A. V. Mather Reviews: Wolf by Alma Alexander
Wolf is the second book in the Were Chronicles series, which began with Random and will close with Shifter. The series focuses on the lives of one particular Were family and the struggles they face assimilating into regular society. The overall story is complex and deals with issues such as the importance of identity, family ties, the binding nature of loyalty and how these forces compel us to action.
Malcolm Marsh is the middle child in a family of ‘Random’ Were-people who have immigrated to a new country to escape persecution. Hunted in the old land and now marginalised in the new, they soon discover that tolerance of their kind comes with strict rules and restrictions. Here, the public face of acceptance has simply made bigotry more insidious.
Armed with a new identity and a name that he can scarcely pronounce, Mal suffers his way through the full force of bullying at school. Despite this toxic unpopularity, he manages to gain an unassuming ally who goes by the name of Chalky. It is a kinship of spirits, and as their friendship strengthens, it becomes apparent that Chalky has secrets of his own. If Mal’s random Were-blood puts him in the minority of the minority, Chalky is a true outlier – he exists somewhere just beyond the rules.
Their friendship made life just about bearable for Mal, until, at the age of twelve, a tragic event caused his fragile world to shatter completely. This becomes the harbinger of a series of changes in Mal, which takes him through his teen years on a path of self-loathing, isolation and destruction. Fuelled by guilt and anguish, and further ignited by his own inadequacies, he finally hits on an opportunity for redemption through vengeance.
With the help of Chalky, Mal hastily knocks together a plan and throws himself at it, body and soul. Against the odds, his half-baked strategy works and continues to work. Before Mal has time to get his bearings, he is once again saying goodbye to everything familiar and taking on a new identity. All he can do now is hold on and try to stay ahead of the game, but the people he has taken on are serious and have a long-standing agenda of their own. It soon becomes apparent that Mal had only a vague notion of what he was getting into and that this time he might not make it back out.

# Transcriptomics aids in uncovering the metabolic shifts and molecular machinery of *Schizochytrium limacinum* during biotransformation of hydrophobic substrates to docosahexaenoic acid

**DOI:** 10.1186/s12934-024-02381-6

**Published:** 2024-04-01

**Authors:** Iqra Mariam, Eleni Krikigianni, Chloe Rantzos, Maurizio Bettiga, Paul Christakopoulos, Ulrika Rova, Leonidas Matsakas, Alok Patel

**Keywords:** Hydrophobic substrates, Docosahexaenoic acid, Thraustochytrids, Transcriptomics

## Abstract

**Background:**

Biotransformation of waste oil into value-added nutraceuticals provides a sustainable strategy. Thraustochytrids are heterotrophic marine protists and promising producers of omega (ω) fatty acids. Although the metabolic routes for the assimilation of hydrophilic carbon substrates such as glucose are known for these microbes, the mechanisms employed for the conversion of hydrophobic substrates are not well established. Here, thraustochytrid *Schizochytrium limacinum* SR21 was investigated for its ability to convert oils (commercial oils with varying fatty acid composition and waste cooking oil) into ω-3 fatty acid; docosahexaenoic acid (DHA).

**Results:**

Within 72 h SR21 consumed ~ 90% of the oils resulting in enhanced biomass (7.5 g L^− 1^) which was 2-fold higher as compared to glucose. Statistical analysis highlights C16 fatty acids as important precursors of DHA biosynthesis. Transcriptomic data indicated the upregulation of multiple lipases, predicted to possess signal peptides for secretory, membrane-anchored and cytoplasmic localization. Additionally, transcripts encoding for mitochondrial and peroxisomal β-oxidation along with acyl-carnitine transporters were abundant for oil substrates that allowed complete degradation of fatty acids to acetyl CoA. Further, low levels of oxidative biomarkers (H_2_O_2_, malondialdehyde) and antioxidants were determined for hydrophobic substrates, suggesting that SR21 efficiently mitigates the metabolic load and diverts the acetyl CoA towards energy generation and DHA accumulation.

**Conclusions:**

I enjoy a good hare-brained, emotion-driven, revenge plan and this one is a classic of its kind. It really does take on a life of its own, and Mal spends most of the second half of the book trying to keep up with it. He manages to achieve so much without anything going wrong that when disaster eventually strikes, it does so in spectacular fashion. But by now, Mal is somewhat impervious to disaster. He succeeds in building a strong support team, despite his habit of placing them all in danger, and they bond together through his mission.
Through it all, Mal never loses his stubborn, headstrong determination. While this behaviour certainly rings true for his age and emotional state, after a while it began to seem a little callous. I started to wonder if he’d ever learn anything because he repeatedly drags those close to him through the wringer, without much thought for consequences. That said, there certainly are times when it is an advantage to act, and Mal finds that he has gumption to spare.
I also found his internal voice to be quite mature, and it jarred with the way he comported himself in the outside world. He often muses like a student of Philosophy, pondering the big questions. Similarly, his character arc seemed to jolt in places. He changes from unreachable, surly teen to compliant worker bee almost overnight and with little complaint. Readers who had spent the first part of the book identifying with his misunderstood, loner status might find his new ‘can-do’ persona difficult to like. However, people are complex and different environments do change behaviours. Mal takes the opportunity to step up and this is certainly a positive approach.
There are many familiar teen issues in this story, with the pain of adolescence very much at the heart. Whilst the main themes tend towards the masculine side of things, female readers in this age group will certainly be able to identify with experiences of isolation, guilt, loyalty and rebellion. Sadly, many will also recognise the slow torture of self-loathing.
I particularly enjoyed the science underpinning ‘Wolf’. It tends to get pushed to the background by the action, but it is well thought out and convincingly written. The daily lives of Were-people, along with the concept of the ‘Random’ Were, were interesting and presented with compassion. The larger issues, such as genetic manipulation and the use of drugs to control nature, are perfectly pitched and relevant. Setting the whole thing against a background of bigotry and the threat of a Master Race scenario – while not particularly original – created an appropriate sense of scale and consequence. Although the pacing tended to drag in parts, there is some terrific descriptive writing, (eg ‘…an agonizing oily slowness that comes with waiting.’), which made the long stretches worth it.
Mal does spend a lot of his time raging against the injustices that life has dealt him. This will certainly be a familiar tune for most YA readers, or anyone who has had a child, or been one. It is this very thing that makes it so easy to identify with his story. In ‘Wolf’, Alma Alexander holds a light to the feelings beneath the surface, the emotions that unite us all, and that makes for a moving experience.